Cross-culture crush:

The Rosebud Singers from the Sharon Baptist Church stand on stage in their gold gospel robes and belt out "Amazing Grace." Twenty feet away a D.C. Fire Department truck hums steadily while firefighters demonstrate how to rescue a victim from a smoke-filled house.

Under a tent, Ai Thi Tong cooks up sweet-smelling pork while Hang Phan Hoang boils Vietnamese spinach from her Bowie garden and prepares soybean sauce for steak. Within sight of the tent is Kiowa Indian Ernest Doyebi, who brought willow and oak from Anadarko, Okla., to thatch together a summer shade arbor.

Another tent holds the Vietnamese group called Huong Xua ("Fragrances of the Past"), who sing in plaintive voices just a stone's throw from the stage for the Ozark Medicine Show.

It is the Smithsonian's 13th annual open-air cultural mishmash on the Mall, the Festival of American Folklife, and as usual it is an amusement park for the senses.

Michael Collins, a former astronaut and now the undersecretary of the Smithsonian, looked around yesterday after the opening ceremony and groped for words to describe what he saw. "It's like Frisbee," he said of the mood. "There's no bad aspect to this. People just come and enjoy themselves."

At the festival, which runs from 10 a.m. to 5 p.m. every day through Monday (except Sunday when the pope comes to the Mall), there will be music, a children's area, crafts to make and craftsmen to watch, Vietnamese cooks to observe and Vietnamese food to buy and eat.

Pemperton Cecil, 52, brought boxes of wood to make limberjacks, little jointed figures suspended above wooden paddles. The paddles are jostled in such a way that the limberjacks makes music, and experts like Cecil get almost any tune they want out of them.

Cecil comes from Wileyville, W. Va., where for years no one had TV or radio or electricity, but everyone had dominoes and checkers and some kind of musical instrument.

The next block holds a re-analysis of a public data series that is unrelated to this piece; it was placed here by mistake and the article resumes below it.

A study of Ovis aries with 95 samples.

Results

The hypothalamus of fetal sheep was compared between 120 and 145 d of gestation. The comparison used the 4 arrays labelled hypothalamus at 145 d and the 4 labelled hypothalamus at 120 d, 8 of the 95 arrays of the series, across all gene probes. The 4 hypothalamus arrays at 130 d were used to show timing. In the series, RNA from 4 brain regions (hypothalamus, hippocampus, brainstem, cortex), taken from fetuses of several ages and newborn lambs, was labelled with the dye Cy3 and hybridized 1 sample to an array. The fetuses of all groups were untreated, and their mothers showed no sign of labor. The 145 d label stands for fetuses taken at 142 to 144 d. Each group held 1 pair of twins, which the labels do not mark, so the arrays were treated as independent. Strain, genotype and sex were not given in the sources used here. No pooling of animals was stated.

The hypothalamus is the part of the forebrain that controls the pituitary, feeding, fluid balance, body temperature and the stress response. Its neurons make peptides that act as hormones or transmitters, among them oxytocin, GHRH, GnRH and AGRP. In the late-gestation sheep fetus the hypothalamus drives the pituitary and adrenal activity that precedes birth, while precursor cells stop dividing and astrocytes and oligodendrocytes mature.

Cecil appeared yesterday in striped shirt, new jeans and straw hat.

For 12 years, since he became unable to work in the oil fields, he has made folk toys. "I had a bad heart and they said I wouldn't live long," said Cecil, "but I've been fooling them ever since."

He is a veteran of the festival circuit: the Harvest Moon Festival in Charleston (where he broke his Jew's harp -- "I break one about every festival"); the festival in Quaker City, Ohio; the West Virginia Folk Festival in Glenville. After Monday, it will be "on to Dayton, Ohio, I reckon," said Cecil, who gets $35 a day at the Smithsonian's festival plus room, board and travel. "The money's not the reason I do it," he said with a broad grin, "I enjoy it -- and it's free publicity."

Ken Cox, from Ladder Company 8 in Southeast Washington, stroke over to a group of bystanders. "Wanna handle the hose?" he asked cheerfully. He was one of the firefighters from all over the District -- many of whom had worked the previous night -- who came to the festival with a 100-foot hook-and-ladder truck and a hose wagon (all reserve apparatus) to show people who they fight fires and rescue victims. They used a two-story "house" constructed and painted especially for the occasion, filled it with smoke, and rescued a "victim" from the second floor.

There were a variety of "narrative workshops" -- including one with three former players of the Washington Senators -- Walt Masterson, Chuck Hinton and Jim Lemon -- who talked glibly about the days when Washington had a baseball team. They told stories of life on the road, like the time a player nonchalantly knocked on Masterson's hotel room window to ask for a beer. The room was on the 18th floor.

And in another part of the festival, a group of Montgomery County high school students talked about their organization -- the Inter-Dimensionary Council.

"We each have our own fantasy planets," said 14-year-old Arshavir Blackwell, who has concocted his oun planetary civilization, complete with maps, measuring system and alphabet. "I'm working on a language," he explained.

At the council meetings, they discuss what's going on on their planets, new technologies, new processes.

"We hope we might find other people here," said Blackwell of his eight-member group, "Who have other worlds and might want to participate in the council."

Blackwell and some of the other students have had their fantasy worlds for 10 years. The worlds often began with superheroes from science-fiction and evolved into more sophisticated ideas.

"I guess I got the idea from watching TV and reading books," said Denise Sayer. "First I had a character ruling a continent on earth. Then I thought, 'what am I doing on Earth?' So I moved her to another area. Now she rules 36 systems."

Sayer's counterpart in her fantasy world is also the star dancers of a 600-member ballet troupe whose muscular structure allows them to kick their legs together over their heads.

"Everybody has fantasies," said Karen Tucker. "But we just didn't get rid of ours."